I once went to an ice cream shop in Princeton, New Jersey and had an eye-opening experience. It was especially vivid because I’d been there the previous year as a carefree non-vegan and had an enjoyable experience. If you’re familiar with Princeton, a very affluent town with a vibrant downtown, it’s what you might expect. Lots of wooden décor, cozy atmosphere, nice lighting—a kind of old world café vibe. Going back as a vegan, I noticed the profusion of wood paneled artwork depicting happy cows grazing on idyllic pastures. It struck me that I was surrounded by dairy propaganda! Veganism had given me entirely new eyes with which to view my surroundings.
Before I condemn that establishment, I should applaud them for their non-dairy sorbets and, more importantly, note that this sort of marketing is far from unique. In fact, it’s everywhere. It’s par for the course to see dairy products with cows grazing on verdant fields under a sunset. I consider it remarkable that this doesn’t produce any cognitive dissonance. There simply isn’t a desire to compare the picture on the front with the reality. I don’t think it’s the case that these pictures are quieting the average omnivore’s nagging doubts about the ethics of dairy. Instead I think they play a subtle role in allowing them to tell a bright and happy story about the lives of the dairy cows that supply them with their ice cream and butter.
Veganism is often portrayed as an inability to cope with the harsh realities of life. The thinking goes that predation is the natural order and we are the dominant species. Any objection to this is branded as sentimentalism. Evan argued well against this point, so I won’t reiterate his points, but I do want to address how much sentimentality plays into the consumption of meat and dairy.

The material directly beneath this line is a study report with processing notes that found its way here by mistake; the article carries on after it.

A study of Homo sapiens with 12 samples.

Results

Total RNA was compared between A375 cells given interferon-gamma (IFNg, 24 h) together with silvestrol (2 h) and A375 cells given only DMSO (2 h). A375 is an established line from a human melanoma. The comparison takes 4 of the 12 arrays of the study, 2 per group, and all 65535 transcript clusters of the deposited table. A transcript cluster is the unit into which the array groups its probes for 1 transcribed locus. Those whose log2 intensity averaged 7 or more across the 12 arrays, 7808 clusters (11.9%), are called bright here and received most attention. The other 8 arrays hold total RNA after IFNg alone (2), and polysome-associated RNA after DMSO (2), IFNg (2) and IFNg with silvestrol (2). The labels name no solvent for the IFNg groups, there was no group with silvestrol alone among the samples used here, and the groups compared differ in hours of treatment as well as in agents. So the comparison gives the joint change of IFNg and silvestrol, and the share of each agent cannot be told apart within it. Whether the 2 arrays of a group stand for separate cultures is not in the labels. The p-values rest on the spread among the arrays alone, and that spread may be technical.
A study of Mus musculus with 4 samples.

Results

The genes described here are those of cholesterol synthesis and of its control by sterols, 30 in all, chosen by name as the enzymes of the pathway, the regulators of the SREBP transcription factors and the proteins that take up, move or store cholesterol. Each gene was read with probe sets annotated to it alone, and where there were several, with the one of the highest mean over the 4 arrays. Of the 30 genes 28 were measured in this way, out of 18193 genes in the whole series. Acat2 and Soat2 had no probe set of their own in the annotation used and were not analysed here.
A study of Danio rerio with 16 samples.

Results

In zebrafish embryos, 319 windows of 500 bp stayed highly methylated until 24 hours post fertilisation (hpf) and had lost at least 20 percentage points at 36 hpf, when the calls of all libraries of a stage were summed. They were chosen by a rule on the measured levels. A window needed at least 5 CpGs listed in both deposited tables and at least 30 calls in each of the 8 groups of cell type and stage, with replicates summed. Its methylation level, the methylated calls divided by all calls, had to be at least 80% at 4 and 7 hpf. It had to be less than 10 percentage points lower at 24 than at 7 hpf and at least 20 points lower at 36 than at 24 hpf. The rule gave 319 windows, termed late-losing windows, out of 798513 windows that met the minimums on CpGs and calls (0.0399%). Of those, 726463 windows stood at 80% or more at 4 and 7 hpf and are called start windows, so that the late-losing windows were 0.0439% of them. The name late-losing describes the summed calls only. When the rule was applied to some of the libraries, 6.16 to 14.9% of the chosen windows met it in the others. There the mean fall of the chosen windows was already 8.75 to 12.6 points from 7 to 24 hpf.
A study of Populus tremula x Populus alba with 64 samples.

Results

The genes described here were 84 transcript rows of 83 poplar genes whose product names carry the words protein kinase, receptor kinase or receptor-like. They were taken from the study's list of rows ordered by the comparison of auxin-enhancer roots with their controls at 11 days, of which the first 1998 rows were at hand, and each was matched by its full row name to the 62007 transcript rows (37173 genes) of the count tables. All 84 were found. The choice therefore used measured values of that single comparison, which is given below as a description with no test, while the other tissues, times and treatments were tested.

Vegans are not avoidant of the harsh realities of killing, suffering and predation. We are acutely aware of them. Most non-vegans have not come to eat meat and dairy because of a serious confrontation with the realities of animal agriculture. Typical omnivores are quite the opposite in that they deny reality, preferring to live in a fantasy world where animals live a happy existence with jovial farmhands that know them by name. I know that if you ask people about the conditions these animals live in, they understand that marketers present them with a picture wildly divergent from reality. The problem is that the question of what dairy and livestock farms are actually like comes up so rarely that the marketing doesn’t seem out of place.
So I ask this question, a fairly common refrain in animal rights literature, who is the sentimentalist really? Is it the vegans that inconvenience themselves by refraining from taking part in that suffering, or the omnivores who—on some level—willingly buy into a fictional story about the source of their food?